Yesterday was Alfred’s grandmother’s 16th day death prayers. I made kesari and chocolate-fudged marie biscuit to bring for the prayers. Kesari is a type of Indian sweet made from semolina flour and it is popularly made for parties or prayers. It is relatively easier to make as compared to the other Indian sweets like mysorepaaku or ladoo. An interesting fact – Kesari literally means “lion” in Sanskrit and it commonly refers to the saffron color used as a natural food color. Since saffron is relatively more difficult to obtain and it is more expensive, artificial colorings are used.

Herewith is the recipe:

1 cup of sugi flour (semolina / rava flour) -roasted
Cashew nuts (broken)
Cardamom pods (3-4)
2 cups of milk
1 cup of water
5 tbsp ghee (clarified butter)
3/4 cup of sugar

Orange food coloring
1. Heat a wok and dry roast the sugi flour till pale yellow and aromatic. Transfer it to a dry plate once done.
2. Then heat 1 tbsp of ghee and fry the broken cashews, raisins (fry until the raisins turn plump and juicy) and the crushed cardamom pods. Set aside.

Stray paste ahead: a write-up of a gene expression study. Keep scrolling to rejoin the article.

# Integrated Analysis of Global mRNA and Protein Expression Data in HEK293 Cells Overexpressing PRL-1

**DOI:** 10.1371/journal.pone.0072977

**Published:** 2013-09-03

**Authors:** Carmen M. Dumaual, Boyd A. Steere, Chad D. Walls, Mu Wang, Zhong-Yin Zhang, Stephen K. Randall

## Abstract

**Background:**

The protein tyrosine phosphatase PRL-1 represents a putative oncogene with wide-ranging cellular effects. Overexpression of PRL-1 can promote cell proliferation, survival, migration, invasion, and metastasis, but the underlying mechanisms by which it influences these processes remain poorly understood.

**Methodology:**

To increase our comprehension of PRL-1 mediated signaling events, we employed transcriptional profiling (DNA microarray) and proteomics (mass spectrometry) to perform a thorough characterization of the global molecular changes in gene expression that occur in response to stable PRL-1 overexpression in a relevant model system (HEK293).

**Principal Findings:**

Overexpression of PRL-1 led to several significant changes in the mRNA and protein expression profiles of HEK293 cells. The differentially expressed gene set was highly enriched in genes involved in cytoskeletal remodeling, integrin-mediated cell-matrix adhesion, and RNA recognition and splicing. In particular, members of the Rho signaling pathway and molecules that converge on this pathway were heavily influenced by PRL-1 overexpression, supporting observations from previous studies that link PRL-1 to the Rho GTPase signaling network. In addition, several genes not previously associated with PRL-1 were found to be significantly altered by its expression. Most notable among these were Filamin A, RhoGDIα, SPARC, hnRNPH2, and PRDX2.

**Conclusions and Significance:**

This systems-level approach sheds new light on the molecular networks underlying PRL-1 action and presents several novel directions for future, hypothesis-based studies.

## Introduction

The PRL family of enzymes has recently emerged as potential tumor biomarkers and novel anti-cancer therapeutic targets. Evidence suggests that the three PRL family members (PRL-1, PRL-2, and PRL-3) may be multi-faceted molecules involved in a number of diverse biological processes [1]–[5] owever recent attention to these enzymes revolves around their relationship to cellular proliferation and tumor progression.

3. Add 2 cups of milk and 1 cup of water in the same pan and let it come to a boil.
4. Then add the food color and mix well.
5. As the water starts bubbling, reduce the flame.
6. Now add the sugi flour in a wide spread manner . Do not put as lump in one place . Add it slowly without stirring and cover it tightly with a lid.
7. Allow the sugi to be cooked at very low heat .
8. Do not stir the kesari now, as it may create lumps.
9. Check often to see if all the water has been absorbed.
10. When it is fully cooked and there is no water, add the sugar and stir well.
11. When the sugar is fully dissolved, add the remaining ghee and stir until the kesari starts leaving the sides of the wok. Garnish with the fried cashews and raisins.

I’ve always loved rich and moist kesari and the trick to this lies in adding the milk and generous amounts of ghee. Love it!